Famous violinist aiming to ski in Sochi


Mae, likely the world’s only techno-pop-violinist-slash-alpine-skier, is aiming to be only the second Thai athlete to compete in any Winter Games. She needs to ski in five internationally recognized events in order to qualify for the giant slalom and/or slalom events at the Sochi Games next year.

“People are surprised when they see me skiing – a classical violinist, Oriental, who has lived in the city all her life,” Mae told Reuters. “But it has been my dream to be a ski bum since I was 14…

“I wanted to compete for Thailand because there is a part of me which I have never celebrated – being Thai. My father, like most Thais, has never skied but he’s really excited about me doing this.”

She’s currently training in Zermatt, Switzerland and plans to enter her first event by April.

“Of course there is a risk that I could break something but life is short and you have to go for it. Just to qualify for the Olympics in my hobby would be a dream come true for me.”

Might not want to refer to it as a “hobby” when you’re going up against Lindsey Vonn and Tina Maze.

Olympian Derrick Mein ends U.S. men’s trap drought at shotgun worlds

Derrick Mein

Mein, who grew up on a small farm in Southeast Kansas, hunting deer and quail, nearly squandered a place in the final when he missed his last three shots in the semifinal round after hitting his first 22. He rallied in a sudden-death shoot-off for the last spot in the final by hitting all five of his targets.

He hit 33 of 34 targets in the final to win by two over Brit Nathan Hales with one round to spare.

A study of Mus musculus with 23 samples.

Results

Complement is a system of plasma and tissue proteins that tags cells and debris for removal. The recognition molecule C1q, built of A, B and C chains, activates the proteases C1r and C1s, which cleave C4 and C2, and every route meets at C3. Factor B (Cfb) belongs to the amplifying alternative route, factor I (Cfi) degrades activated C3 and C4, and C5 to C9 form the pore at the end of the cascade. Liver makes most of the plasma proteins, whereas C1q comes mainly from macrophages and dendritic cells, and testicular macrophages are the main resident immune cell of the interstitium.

The last U.S. man to win an Olympic trap title was Donald Haldeman in 1976.

Mein, 37, was 24th in his Olympic debut in Tokyo (and placed 13th with Kayle Browning in the mixed-gender team event).

The U.S. swept the Tokyo golds in the other shotgun event — skeet — with Vincent Hancock and Amber English. Browning took silver in women’s trap.


Mo Farah

Farah, who swept the 2012 and 2016 Olympic track titles at 5000m and 10,000m, said he hoped “to be back out there” next April, when the London Marathon returns to its traditional month after COVID moved it to the fall for three consecutive years. Farah turns 40 on March 23.

“I’ve been training really hard over the past few months and I’d got myself back into good shape and was feeling pretty optimistic about being able to put in a good performance,” in London, Farah said in a press release. “However, over the past 10 days I’ve been feeling pain and tightness in my right hip. I’ve had extensive physio and treatment and done everything I can to be on the start line, but it hasn’t improved enough to compete on Sunday.”

Farah switched from the track to the marathon after the 2017 World Championships and won the 2018 Chicago Marathon in a then-European record time of 2:05:11. Belgium’s Bashir Abdi now holds the record at 2:03:36.

Farah returned to the track in a failed bid to qualify for the Tokyo Olympics, then shifted back to the roads.

Sunday’s London Marathon men’s race is headlined by Ethiopians Kenenisa Bekele and Birhanu Legese, the second- and third-fastest marathoners in history.